Creative Content Writer & former Tour Guide at HAGGiS Adventures. Scottish travel blogger and adventure lover. Kay enjoys travelling Scotland solo, and has visited 42 Scottish Islands. She loves to live up to stereotypes by dying her hair ginger, and regularly consuming haggis and whisky. A Scottish history geek and all-around chatterbox, she can literally talk for Scotland.
Cool Facts about Loch Ness
Loch Ness is something of a celeb, thanks to the tales of its resident monster. If you haven’t heard of Loch Ness, you’ve clearly been hiding under the same rock as Nessie!
Monsters aside, Loch Ness is awesome. The surrounding scenery is epic, and the area has seen more than its fair share of drama throughout history. No wonder it’s a hot favourite on visitors’ bucket lists. Want to give it a taste yourself? Our Loch Ness monster tour is a fantastic way of hunting for Nessie and explore the Scottish Highlands on the way!
Whether you’ve already posed for a photo with the Loch Ness sign, or you’re dreaming of its shores, let’s get to know this famous loch a wee bit better.
What is a loch?
Loch is the Gaelic word for lake, and there are over 31,000 lochs in Scotland. When you’re talking about our bonnie bodies of water, it’s important that you nail the pronunciation. Check out this wee video from a crazy, wild-swimming Scotsman and start practising!
Things you might not know about Loch Ness
1) It contains 263 billion cubic feet of water
Okay, let’s put that into perspective. Loch Ness is not the deepest loch in Scotland (Loch Morar), nor is it is the largest by surface area (Loch Lomond). The whole ‘monster claim-to-fame’ just isn’t enough however, so Loch Ness has also bagged the title of 'largest body of water' in the whole of the UK! There is more water in Loch Ness, than in all the lakes in England and Wales put together.
Who even comes up with these facts?!
2) Its pitch black!
Thanks to the glorious ‘liquid sunshine’ which Scotland is so well-known for, the rain carries peat from the surrounding hills down into the water. These wee peaty particles mean that visibility under the water is poor, with the darkest of depths. Excellent conditions for a monster in hiding, if you ask us.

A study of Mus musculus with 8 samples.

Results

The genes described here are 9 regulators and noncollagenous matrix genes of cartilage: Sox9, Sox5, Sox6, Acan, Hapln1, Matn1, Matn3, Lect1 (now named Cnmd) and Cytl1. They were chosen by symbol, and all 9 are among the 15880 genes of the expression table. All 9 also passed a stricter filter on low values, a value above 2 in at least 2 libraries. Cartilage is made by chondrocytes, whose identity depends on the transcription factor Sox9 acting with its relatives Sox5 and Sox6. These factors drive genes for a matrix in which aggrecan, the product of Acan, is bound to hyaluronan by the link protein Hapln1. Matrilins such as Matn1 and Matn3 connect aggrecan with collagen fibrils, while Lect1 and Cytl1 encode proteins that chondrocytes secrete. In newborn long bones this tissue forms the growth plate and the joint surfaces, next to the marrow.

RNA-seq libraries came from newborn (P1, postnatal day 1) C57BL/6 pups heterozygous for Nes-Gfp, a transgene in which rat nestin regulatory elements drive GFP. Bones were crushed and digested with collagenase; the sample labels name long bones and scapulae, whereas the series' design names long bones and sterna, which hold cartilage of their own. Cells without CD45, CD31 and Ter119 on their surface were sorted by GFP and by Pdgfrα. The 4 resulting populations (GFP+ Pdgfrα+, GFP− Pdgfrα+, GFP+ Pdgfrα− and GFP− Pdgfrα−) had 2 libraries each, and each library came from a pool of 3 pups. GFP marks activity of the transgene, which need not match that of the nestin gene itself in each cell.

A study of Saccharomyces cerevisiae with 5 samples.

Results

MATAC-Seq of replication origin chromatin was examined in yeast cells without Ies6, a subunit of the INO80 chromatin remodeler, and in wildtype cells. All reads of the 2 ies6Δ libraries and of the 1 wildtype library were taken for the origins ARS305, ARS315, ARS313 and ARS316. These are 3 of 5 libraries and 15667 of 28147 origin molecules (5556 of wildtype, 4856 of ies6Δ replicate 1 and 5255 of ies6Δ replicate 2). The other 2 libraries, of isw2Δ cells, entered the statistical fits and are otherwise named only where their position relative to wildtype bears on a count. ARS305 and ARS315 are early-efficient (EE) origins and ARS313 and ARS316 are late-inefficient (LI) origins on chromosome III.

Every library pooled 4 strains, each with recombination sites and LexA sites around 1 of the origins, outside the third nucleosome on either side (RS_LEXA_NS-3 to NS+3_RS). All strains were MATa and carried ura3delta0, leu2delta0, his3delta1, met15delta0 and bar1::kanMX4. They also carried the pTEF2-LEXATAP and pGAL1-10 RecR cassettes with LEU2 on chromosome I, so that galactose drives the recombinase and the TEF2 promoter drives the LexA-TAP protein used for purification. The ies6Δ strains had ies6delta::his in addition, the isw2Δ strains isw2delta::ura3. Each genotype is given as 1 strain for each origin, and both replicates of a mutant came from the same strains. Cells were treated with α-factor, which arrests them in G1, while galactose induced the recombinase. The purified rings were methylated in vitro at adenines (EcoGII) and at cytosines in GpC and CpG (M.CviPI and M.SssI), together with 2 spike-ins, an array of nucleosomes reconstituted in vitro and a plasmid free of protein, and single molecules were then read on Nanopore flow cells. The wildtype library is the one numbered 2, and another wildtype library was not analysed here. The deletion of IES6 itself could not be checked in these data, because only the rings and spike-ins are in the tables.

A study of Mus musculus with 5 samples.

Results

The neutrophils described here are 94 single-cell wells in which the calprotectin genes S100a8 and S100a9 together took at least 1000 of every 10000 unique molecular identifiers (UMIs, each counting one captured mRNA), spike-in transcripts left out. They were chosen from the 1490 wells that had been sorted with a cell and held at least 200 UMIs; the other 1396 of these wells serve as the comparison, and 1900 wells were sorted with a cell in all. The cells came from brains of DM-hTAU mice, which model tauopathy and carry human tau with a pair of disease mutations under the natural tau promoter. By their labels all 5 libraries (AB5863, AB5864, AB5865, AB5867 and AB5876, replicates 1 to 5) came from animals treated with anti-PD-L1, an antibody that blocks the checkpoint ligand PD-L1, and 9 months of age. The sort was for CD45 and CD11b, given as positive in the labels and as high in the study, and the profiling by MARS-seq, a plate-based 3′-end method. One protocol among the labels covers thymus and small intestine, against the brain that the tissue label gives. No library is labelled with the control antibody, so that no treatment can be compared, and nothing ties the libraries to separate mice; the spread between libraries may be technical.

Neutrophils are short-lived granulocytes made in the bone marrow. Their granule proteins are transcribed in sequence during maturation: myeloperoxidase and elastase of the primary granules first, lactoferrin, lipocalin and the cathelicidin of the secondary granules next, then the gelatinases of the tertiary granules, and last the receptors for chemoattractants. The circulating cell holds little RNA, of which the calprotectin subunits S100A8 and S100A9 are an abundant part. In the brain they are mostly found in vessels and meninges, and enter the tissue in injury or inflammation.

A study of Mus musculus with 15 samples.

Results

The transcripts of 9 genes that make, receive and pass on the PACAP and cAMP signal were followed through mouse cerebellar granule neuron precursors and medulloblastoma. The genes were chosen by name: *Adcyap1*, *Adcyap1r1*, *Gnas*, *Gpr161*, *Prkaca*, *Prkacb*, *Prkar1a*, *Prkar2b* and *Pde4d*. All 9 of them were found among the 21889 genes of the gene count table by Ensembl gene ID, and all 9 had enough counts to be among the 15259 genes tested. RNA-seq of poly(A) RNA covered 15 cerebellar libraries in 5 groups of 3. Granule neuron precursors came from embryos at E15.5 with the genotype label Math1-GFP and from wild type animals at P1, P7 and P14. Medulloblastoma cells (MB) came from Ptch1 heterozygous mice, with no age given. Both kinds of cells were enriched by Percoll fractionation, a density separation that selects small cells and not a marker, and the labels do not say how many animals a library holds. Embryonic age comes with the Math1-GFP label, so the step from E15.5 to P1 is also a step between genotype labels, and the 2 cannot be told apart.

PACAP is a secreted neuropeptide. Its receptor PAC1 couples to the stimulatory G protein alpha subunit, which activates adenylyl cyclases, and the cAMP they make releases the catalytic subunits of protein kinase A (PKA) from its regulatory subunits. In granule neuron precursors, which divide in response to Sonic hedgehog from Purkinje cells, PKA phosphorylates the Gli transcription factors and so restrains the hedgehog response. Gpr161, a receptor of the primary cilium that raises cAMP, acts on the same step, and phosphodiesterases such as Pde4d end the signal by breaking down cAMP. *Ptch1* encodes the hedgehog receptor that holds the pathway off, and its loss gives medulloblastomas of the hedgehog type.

3) The loch never freezes
The murky waters of Loch Ness remain at a rather year-round temperature of five degrees. It doesn’t heat up, it doesn’t freeze over; it’s just chilly – all the time.
4) There’s this awesome hostel just a short walk away
Biased?! No way. We just know we’ve got a good thing going on. Morag’s Lodge is our very own hostel, and it’s a fond favourite with passengers on our extended tours. Tucked away above the Highland village of Fort Augustus, Morag’s Lodge is a cosy and comfy retreat, with home-cooked meals, local beverages, and a super-welcoming team who know how to throw a decent party.
Tartan toga and pub quiz, anyone?
5) Loch Ness sits on the Great Fault Line
Okay, so we don’t claim to be experts in geology, but this is cool. Loch Ness is one of four lochs on the Great Glen; an epic valley carved by glaciers during the last Ice Age. Underneath the valley is the Great Glen Fault, which was formed sometime 430-390 million years ago. Oh, and did we meant you can see the fault from space?
Told you it was cool.
6) A famous rock star bought a house there
Boleskine House sits on the south side of Loch Ness, and was home-sweet-home to notorious occultist Aleister Crowley at the turn of the 20th century. Crowley was known to locals as the ‘Beast of Boleskine’ and named by the press as the ‘Wickedest Man in the World’, for the various rituals, black magic, and acts of debauchery he carried out from the house.
Jimmy Paige from Led Zepplin was clearly a fan of Crowley, as he bought the house in the 1970s and kept it for around 20 years. Boleskine House has been a site of strange happenings ever since Crowley took up residence, and was recently destroyed in an unexplained fire. Spooky!
7) The first recorded sighting of the Loch Ness Monster was by a saint
In 565AD, St Columba (allegedly) came face-to-face with the water beast, when it reared its ugly head, and tried to eat his Columba’s servant. There have been various accounts of monster sightings since then; we suspect many have been made after a few too many drams! The famous ‘Surgeon’s Photograph’ from 1934 was later revealed to be a hoax, featuring a toy submarine and dinosaur head. Good one.